Why are pluripotent stem cells falling short of expectations?


The focus of my studies on eukaryotic DNA superstructure suggest that during the conversion of embryonic cells into stem cells, DNA is being lost in the form of small replicons similar to transposons. Unless this DNA is returned to the cell in the same position from which it was lost, there can be no true reversion of stem cells into embryonic cells. Furthermore, DNA replicons may be fusing together as well during differentation, leading to a small loss of genetic information. However, it is possible that these  phenomena are localized based upon the kind of stem cells being generated during embryogenesis. This would mean that the genome exists as compartments, most of which remain genetically unaltered as condensed chromatin during the course of stem cell formation. A blood stem cell, genetically altered to prevent it from forming all blood cell types may not be similarly altered in its ability to form other kinds of cells like hepatocytes, etc. When these stem cells are reprogrammed, the condensed chromatin is released, making available other compartments for differentation of new tissue types unrelated to blood. The result is a cell that has become genetically altered in more than one compartment, and the original genetically altered compartment may become condensed so that it is unavailable for gene expression (or not).  In the latter case, the iPS cell would behave as a chimera, trying to behave as two different kinds of stem cells. This alone may have an impact on their clinical utility.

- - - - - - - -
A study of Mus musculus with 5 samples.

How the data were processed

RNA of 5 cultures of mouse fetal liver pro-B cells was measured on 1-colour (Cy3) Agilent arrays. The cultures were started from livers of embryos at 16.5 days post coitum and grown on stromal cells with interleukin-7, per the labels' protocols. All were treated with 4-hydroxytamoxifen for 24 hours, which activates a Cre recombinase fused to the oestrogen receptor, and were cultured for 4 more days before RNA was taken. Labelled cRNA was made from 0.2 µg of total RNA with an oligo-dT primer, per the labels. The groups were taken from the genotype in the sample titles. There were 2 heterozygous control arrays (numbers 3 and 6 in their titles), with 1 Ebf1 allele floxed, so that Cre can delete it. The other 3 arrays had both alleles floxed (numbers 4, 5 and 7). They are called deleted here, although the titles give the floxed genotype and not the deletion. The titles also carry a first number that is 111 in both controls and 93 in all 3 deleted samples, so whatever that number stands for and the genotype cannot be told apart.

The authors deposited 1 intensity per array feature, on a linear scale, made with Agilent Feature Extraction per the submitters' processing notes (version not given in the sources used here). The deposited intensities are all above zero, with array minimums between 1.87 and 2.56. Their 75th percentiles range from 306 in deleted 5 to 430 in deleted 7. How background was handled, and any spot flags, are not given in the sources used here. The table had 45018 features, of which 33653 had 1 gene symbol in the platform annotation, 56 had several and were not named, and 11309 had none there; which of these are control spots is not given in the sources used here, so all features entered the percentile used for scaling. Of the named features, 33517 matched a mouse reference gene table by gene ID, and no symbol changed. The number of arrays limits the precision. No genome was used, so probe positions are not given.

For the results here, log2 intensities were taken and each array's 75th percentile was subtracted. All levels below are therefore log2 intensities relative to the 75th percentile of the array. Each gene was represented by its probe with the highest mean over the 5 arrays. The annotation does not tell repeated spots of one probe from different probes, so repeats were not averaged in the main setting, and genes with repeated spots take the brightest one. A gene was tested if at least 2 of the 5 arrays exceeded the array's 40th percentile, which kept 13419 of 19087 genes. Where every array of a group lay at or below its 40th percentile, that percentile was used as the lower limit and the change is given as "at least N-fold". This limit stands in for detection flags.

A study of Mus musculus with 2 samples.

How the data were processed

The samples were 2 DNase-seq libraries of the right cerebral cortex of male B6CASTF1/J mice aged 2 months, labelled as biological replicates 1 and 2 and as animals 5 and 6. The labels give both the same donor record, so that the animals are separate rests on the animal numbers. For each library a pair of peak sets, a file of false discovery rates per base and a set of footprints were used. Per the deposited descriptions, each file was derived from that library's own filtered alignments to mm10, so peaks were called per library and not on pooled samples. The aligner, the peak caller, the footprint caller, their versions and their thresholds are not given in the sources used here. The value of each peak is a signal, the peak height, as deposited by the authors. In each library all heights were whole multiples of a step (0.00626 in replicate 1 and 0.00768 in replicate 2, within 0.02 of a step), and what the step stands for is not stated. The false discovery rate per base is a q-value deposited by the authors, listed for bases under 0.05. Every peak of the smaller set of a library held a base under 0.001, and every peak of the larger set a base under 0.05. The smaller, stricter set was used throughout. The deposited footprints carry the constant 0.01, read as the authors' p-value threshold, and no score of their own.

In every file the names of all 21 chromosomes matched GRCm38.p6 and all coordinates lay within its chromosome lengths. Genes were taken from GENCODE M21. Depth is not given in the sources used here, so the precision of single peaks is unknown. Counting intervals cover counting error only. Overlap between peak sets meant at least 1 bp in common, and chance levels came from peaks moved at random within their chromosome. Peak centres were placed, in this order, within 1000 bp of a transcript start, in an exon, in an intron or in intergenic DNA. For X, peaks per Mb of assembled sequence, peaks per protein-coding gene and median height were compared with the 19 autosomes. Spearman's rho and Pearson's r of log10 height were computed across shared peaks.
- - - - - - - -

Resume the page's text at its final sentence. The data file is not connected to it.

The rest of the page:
It is well known that DNA circular deletions and rearrangements occur on a wide scale during B cell differentation. There is no reason to assume that similar but more subtle alterations aren’t also occurring throughout the rest of the genome during the course of cellular differentation.


About frankabernathy

I am a retired cell biologist and alumnus of Ohio State University. I became interested in chromosomes as far back as the 1960's when I wrote a term paper on the effects of radiomimetic drugs on chromosomes. I was fascinated at how they could break apart and reform new structures so easily. I became further involved in the early 1970's after taking a cytogenetics course at the University of Arkansas. I took that knowledge with me to Ohio State in 1980 where I eventually worked on my research and completed my Ph.D. dissertation, "Studies on Eukaryotic DNA Superstructure". My studies and later research suggested that the DNA within the eukaryotic chromosome is not the simple, linear molecular thread so widely suggested in all the classic textbooks published today. Instead, it may be the culmination of a geologically rapid set of endosymbiotic events where microorganisms plug into each other to create something greater than themselves. Feel free to contact me at fabernathy@sbcglobal.net.